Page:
Obama ‘committed’ to Palestinian state, condemns rocket fire


Obama’s visit with Abbas came on the second day of his trip to the Middle East and hours after Hamas militants fired two rockets from the Gaza Strip into the Israeli town of Sderot.


"The United States is deeply committed to the creation of an independent and sovereign state of Palestine," Obama said at the press conference. "The Palestinian people deserve an end to occupation and the daily indignities that come with it."

But the president also strongly condemned the overnight rocket attack. The attack did not cause any damage or injuries, but effectively ended an eight-day cease-fire in the region.

"We condemn this violation of the important ceasefire that protects both Israelis and Palestinians, a violation Hamas has a responsibility to prevent," Obama said.

Obama added that "misery" in the region persists "because Hamas refuses to renounce violence, because Hamas cares more about enforcing its own rigid dogmas than allowing Palestinians to live freely, because too often it focuses on tearing Israel down than building Palestine up."

Hamas assumed control of the Gaza Strip following the 2006 parliamentary elections, while Abbas's authority extends only through the West Bank. The divide has complicated efforts to resume peace negotiations with Israeli.

Thursday, Obama reiterated a call for the two sides to rejoin talks without preconditions.

"If the only way to even begin the conversations is we get everything right at the outset, or at least each party is constantly in negotiation about what is required to get to the talks in the first place, then we're never going to get to the broader issue," Obama said.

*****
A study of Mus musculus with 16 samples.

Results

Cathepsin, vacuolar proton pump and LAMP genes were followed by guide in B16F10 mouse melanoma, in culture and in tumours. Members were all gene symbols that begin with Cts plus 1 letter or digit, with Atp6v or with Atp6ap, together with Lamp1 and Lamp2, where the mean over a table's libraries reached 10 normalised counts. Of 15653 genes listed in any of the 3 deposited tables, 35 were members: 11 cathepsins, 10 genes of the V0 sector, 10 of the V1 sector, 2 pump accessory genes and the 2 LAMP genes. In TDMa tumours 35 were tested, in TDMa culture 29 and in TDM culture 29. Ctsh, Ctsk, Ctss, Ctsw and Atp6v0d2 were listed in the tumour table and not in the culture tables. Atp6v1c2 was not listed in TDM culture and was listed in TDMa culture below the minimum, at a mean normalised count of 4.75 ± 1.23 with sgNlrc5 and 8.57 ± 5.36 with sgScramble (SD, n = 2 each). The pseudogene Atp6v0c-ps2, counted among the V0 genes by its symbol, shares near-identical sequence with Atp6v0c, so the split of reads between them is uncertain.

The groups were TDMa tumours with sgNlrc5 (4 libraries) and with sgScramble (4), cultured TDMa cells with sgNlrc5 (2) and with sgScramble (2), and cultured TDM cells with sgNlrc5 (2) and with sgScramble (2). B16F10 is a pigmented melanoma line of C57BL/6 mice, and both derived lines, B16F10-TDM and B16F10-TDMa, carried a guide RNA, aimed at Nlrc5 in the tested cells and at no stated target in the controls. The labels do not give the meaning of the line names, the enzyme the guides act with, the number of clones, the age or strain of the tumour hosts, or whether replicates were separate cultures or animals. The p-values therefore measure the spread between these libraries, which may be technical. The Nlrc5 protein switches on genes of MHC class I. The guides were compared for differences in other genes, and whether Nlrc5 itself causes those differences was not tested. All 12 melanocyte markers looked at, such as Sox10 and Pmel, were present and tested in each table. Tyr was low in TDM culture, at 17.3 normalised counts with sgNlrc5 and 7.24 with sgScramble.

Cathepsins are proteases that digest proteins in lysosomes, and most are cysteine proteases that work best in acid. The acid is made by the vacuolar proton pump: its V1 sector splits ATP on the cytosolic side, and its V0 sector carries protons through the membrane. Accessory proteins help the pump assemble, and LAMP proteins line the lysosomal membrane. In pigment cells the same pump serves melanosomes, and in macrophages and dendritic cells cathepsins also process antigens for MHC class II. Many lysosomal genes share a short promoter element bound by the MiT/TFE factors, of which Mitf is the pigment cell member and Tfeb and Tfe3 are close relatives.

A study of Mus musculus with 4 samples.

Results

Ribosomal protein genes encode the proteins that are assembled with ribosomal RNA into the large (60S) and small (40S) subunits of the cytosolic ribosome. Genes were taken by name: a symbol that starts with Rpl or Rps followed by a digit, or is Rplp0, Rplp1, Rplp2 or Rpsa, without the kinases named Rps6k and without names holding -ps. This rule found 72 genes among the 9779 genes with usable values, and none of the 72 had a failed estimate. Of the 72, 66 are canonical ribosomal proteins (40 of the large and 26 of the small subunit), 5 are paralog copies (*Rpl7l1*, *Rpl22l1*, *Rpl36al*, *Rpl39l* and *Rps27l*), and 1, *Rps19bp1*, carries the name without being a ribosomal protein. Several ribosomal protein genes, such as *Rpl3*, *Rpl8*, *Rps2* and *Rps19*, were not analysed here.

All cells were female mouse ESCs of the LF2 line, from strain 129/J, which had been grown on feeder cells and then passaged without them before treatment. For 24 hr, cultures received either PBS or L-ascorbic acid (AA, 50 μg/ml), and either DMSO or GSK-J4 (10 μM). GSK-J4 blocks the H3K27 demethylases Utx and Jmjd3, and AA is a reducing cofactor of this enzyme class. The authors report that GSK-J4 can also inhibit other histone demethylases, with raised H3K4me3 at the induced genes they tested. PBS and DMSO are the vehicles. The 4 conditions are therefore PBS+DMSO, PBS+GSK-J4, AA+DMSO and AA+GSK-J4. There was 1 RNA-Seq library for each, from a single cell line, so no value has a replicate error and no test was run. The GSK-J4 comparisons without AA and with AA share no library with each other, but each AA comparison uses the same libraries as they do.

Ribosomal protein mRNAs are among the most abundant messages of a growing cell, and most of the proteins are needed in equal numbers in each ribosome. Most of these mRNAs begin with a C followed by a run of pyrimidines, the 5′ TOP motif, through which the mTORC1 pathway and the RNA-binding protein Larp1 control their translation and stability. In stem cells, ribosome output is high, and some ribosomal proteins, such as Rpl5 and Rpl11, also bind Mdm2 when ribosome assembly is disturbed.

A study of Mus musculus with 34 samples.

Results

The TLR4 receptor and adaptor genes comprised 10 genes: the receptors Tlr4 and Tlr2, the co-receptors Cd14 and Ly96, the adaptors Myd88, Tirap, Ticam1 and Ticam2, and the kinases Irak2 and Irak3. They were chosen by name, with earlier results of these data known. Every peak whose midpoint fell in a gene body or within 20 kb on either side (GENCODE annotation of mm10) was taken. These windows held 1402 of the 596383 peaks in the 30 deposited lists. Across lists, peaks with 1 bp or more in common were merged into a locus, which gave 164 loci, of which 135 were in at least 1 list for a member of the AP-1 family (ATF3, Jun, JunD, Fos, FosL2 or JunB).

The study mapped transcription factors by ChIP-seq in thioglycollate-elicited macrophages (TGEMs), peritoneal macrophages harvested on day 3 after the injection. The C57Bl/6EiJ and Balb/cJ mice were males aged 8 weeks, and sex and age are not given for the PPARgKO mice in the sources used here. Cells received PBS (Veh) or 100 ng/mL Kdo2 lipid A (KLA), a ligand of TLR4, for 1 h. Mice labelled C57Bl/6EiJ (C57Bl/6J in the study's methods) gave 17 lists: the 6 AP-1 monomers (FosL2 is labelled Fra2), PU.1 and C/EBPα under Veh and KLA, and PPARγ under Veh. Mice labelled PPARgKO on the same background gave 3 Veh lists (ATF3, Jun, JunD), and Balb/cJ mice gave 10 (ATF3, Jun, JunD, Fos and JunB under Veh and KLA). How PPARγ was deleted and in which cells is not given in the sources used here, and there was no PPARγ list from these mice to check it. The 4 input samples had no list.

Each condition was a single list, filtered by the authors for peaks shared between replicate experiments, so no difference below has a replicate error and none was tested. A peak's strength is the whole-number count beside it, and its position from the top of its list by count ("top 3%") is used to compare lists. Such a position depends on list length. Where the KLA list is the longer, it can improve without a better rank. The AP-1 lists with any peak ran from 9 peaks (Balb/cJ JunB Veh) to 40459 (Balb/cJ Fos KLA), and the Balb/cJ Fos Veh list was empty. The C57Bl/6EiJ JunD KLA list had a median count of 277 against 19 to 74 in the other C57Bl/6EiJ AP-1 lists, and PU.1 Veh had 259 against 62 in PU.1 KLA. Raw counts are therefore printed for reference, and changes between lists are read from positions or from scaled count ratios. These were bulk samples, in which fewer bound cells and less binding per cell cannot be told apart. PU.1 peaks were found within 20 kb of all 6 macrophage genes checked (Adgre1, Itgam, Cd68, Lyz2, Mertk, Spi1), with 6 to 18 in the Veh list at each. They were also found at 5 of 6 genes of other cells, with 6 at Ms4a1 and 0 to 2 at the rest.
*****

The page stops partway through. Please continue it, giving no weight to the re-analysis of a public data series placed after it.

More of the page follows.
But Palestinian leaders have balked at rejoining negotiations as Israelis continue to build new settlements in disputed areas. On Thursday, Obama said that the United States objected to the construction, but stopped short of saying that the Israelis should halt building before peace talks resume.

"We do not consider continued settlement activity to be constructive, to be appropriate, to be something that can advance the cause of peace," Obama said. "So I don't think there's any confusion as to what our position is."

In his opening remarks, Abbas emphasized that the Palestinian Authority believed a peace deal could still happen.

"We believe that peace is necessary and inevitable. We also believe that it is possible," Abbas said.

Following his meeting with Abbas, Obama and Palestinian Authority Prime Minister Salam Fayyad will take part in a roundtable with Palestinian youth and watch a dance performance at a childhood development center. Later, he will return to Israel for a major speech to the Israeli people, expected to be the signature moment of his Middle East trip.

Obama began his visit on Wednesday, meeting with Israeli Prime Minister Benjamin Netanyahu. The two shared a rocky relationship during Obama’s first term, in particular over efforts to block Iran’s pursuit of nuclear weapons. But the president has sought to reassure the Israeli leader during the visit that he is committed to preventing a nuclear-armed Tehran.